Gatwick airport will conduct the UK’s first trial of ‘end-to-end’ biometrics in partnership with Easyjet.
The system uses personal data collected at the airport’s self-service bag drops to enable passengers to use biometric self-boarding gates, which Gatwick says could speed up the boarding process.
The trial will encompass 10,000 Easyjet passengers on European flights, with those wishing to take part but are only travelling with hand baggage allowed to input their data at the entrance to the boarding gate room.
Gatwick says the system only takes 20 seconds to identify each passenger and verify that their passport, face and boarding card all match.
The trial will run for at least three months across Easyjet’s 43 Gatwick routes, which the airport says will allow it to collect enough information to be able to spot trends and adapt the technology to enhance the user experience. It will specifically look at how long each interaction takes, what this means for queue times, how it simplifies the passenger journey, how passengers interact with the technology and how intuitive the process is.
Once the technology is fully adapted to this trial data, it will be taken forward for airport-wide implementation.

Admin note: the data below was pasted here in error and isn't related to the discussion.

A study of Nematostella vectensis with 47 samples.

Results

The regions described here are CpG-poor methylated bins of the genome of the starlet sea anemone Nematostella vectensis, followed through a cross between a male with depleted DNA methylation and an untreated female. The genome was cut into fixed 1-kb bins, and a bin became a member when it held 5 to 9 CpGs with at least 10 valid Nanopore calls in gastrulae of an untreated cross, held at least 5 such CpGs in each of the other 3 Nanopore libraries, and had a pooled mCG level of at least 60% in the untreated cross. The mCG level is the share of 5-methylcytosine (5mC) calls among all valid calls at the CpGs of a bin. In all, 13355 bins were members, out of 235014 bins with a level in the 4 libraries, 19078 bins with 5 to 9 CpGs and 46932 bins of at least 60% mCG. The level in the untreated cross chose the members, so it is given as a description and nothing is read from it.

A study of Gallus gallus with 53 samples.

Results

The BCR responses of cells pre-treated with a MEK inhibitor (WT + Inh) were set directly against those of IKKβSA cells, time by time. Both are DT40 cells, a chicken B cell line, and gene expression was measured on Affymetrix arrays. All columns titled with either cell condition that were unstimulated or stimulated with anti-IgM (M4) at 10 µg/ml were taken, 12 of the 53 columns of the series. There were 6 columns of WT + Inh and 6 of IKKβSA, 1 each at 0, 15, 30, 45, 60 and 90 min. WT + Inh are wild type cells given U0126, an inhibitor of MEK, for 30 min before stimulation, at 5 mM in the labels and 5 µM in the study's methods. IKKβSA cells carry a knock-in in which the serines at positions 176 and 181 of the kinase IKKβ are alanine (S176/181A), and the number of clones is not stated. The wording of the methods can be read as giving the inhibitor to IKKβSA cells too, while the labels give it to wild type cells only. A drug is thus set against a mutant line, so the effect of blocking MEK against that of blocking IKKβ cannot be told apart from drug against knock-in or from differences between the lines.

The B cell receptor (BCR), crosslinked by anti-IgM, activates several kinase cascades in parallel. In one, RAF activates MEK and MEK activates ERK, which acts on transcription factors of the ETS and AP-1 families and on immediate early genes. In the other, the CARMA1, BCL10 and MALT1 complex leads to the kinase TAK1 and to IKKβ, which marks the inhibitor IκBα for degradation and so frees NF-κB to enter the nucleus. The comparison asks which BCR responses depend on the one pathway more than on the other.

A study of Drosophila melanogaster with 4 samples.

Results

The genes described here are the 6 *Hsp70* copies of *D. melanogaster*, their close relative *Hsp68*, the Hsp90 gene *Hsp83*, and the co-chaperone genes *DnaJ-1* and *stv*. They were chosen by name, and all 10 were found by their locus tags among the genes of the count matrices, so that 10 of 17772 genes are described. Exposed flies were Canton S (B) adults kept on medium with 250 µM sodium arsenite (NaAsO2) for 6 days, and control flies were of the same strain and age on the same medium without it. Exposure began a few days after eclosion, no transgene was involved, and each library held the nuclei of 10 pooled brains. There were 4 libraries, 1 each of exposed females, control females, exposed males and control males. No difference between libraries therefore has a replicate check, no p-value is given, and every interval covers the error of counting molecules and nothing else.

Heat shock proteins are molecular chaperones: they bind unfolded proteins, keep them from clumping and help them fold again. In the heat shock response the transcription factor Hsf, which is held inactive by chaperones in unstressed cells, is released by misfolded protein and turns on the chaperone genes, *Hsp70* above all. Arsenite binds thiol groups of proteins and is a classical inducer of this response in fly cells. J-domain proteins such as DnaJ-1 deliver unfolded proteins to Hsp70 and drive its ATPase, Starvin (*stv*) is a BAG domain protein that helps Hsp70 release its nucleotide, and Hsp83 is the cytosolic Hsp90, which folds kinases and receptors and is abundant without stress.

Chris Woodroofe, COO of Gatwick airport, said: “With the rate of growth we have experienced, it is essential we are able to find more efficient ways of processing passengers through the airport safely and securely. Self-boarding technology is the obvious next piece in the jigsaw following extensive investment in our automated check-in and security processing areas.”
Karen Cox, director of ground operations at Easyjet, commented: “Whilst still in its very early stages, this project is clearly consistent with our digital strategy of continuing to innovate to make passengers’ journeys easier at every stage of their interaction with us – from searching and browsing for a flight through to stepping off the aircraft in their destination.”